Steven Finn says the England players still believe they can win the final Test against South Africa and tie the series.
The hosts were already up against it, to rewrite the history books in a chase of 346 to share the Investec series and salvage their world number one status.
And the mountain became steeper to climb when England lost Alastair Cook and Andrew Strauss before the close, with the hosts on 16-2.
But tailender Finn, who took 4-74 in the tourists' 351 all out, insists the dressing room firmly believes victory is in their grasp.
"As a team collectively over the last number of years, we've enjoyed breaking records and defying people's beliefs against us," said Finn.
"So tomorrow, when we get here, we've got a 15-over old ball to bat against - which isn't going to do as much as an new ball obviously.
"We've got a great opportunity to assert ourselves on the South Africans early - and we really do believe in the dressing room that we can win this game tomorrow."
The key, according to Finn, will be to simply stay in the game as long as possible - and then gather momentum with wickets still in hand.
"It's going to be important we try to build partnerships, get our foot in the door and then later on in the day maybe we can smash through it and win the game.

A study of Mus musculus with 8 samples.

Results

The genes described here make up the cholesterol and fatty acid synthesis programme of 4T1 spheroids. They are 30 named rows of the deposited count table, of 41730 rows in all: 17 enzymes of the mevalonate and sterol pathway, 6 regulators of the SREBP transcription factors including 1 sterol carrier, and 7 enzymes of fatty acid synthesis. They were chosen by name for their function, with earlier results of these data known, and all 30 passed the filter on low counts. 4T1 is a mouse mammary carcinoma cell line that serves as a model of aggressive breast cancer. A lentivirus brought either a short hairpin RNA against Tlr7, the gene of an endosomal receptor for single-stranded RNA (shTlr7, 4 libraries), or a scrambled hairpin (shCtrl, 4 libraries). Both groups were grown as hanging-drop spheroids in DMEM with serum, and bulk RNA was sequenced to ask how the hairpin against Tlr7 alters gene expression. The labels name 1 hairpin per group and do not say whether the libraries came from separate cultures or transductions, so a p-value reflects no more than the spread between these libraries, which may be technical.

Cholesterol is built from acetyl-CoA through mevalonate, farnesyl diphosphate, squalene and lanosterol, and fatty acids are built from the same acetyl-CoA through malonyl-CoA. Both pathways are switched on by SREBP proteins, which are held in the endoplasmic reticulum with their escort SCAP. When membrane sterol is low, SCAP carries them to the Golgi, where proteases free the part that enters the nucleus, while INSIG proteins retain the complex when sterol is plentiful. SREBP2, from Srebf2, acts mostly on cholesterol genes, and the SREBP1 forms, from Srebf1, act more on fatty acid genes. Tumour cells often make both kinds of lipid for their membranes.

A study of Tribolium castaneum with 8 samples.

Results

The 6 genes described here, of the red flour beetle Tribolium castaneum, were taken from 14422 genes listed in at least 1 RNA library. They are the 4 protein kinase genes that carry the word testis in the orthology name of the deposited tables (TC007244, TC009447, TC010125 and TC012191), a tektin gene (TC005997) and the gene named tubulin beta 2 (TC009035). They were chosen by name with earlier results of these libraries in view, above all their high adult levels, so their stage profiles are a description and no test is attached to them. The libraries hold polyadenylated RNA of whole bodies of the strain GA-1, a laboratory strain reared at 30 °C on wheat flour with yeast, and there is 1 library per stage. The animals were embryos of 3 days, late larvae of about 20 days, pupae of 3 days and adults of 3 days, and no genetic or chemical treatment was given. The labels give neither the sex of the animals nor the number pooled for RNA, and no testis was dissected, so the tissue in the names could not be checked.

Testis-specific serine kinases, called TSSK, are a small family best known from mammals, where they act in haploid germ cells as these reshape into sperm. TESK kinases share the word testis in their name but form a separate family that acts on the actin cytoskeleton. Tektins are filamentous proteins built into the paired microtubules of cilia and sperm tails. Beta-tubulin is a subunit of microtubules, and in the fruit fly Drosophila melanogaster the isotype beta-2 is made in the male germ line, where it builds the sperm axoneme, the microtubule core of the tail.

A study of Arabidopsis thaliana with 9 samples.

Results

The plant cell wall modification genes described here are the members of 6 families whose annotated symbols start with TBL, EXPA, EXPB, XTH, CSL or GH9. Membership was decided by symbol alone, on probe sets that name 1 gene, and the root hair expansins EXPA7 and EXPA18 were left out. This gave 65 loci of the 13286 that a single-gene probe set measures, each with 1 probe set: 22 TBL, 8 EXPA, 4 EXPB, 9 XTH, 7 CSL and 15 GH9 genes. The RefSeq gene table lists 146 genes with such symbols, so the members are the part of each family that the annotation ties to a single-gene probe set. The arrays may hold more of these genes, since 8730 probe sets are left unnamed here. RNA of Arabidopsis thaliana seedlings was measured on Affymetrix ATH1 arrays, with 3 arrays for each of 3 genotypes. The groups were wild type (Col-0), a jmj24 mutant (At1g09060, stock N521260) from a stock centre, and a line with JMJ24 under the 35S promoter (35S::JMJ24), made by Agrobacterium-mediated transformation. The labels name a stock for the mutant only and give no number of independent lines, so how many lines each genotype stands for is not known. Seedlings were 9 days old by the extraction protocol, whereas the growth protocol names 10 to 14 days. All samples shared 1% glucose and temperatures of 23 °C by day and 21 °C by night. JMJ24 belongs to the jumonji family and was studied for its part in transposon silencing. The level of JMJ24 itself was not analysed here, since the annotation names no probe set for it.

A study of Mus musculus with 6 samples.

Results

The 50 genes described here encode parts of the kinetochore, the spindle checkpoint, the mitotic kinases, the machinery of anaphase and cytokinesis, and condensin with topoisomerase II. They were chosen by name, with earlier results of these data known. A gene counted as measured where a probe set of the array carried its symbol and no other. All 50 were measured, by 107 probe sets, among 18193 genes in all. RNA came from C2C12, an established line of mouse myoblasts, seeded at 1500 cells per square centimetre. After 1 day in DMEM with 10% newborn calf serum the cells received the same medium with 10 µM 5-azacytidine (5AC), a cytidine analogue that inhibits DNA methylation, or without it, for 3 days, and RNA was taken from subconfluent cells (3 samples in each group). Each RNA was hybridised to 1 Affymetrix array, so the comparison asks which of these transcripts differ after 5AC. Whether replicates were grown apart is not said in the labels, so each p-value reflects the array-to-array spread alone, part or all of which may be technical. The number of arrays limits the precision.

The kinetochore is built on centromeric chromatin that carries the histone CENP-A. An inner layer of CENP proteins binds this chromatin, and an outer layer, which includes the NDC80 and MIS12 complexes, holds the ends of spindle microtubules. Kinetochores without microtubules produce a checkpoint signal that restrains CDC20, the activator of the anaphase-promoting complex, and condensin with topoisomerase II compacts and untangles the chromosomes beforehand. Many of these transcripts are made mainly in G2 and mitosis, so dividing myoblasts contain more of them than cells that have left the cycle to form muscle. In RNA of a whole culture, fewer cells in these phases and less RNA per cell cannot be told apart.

"If we get later in the game, with what can be a tired bowling attack, we know that the older ball does a lot less than the new ball."
He acknowledges third-wicket pair Jonathan Trott and Ian Bell are likely to have to play a significant part, after the loss of captain Andrew Strauss and Alastair Cook to Vernon Philander.
"The new ball is where it's dangerous," he added. "The two guys that are in have performed fantastically well for England for a long time ... we hope they can build a big, long partnership.
"We have that belief in the dressing room. It's up to the batsmen to really knuckle down and get us into a position where we can win the game.
"I think it's a very good pitch. I think Morkel got one bit of uneven bounce this evening to Belly. But when the ball went a bit softer, there wasn't any uneven bounce whatsoever.
"When the ball is old and the sun is out, the wicket is a very good one for batting on - and people can make themselves difficult to get out."
South Africa are taking nothing for granted yet, but have every reason to be optimistic.
"Of course we are thinking of winning," said centurion Hashim Amla. "Fortunately we managed to take two wickets, which has put us in a good position.
"But it will still take a lot of hard work. If we show the intensity we showed tonight, it should help.
"To score above 300 (in the fourth innings) is a very difficult ask. We have been in that situation before. In fact, anything over 250 is difficult."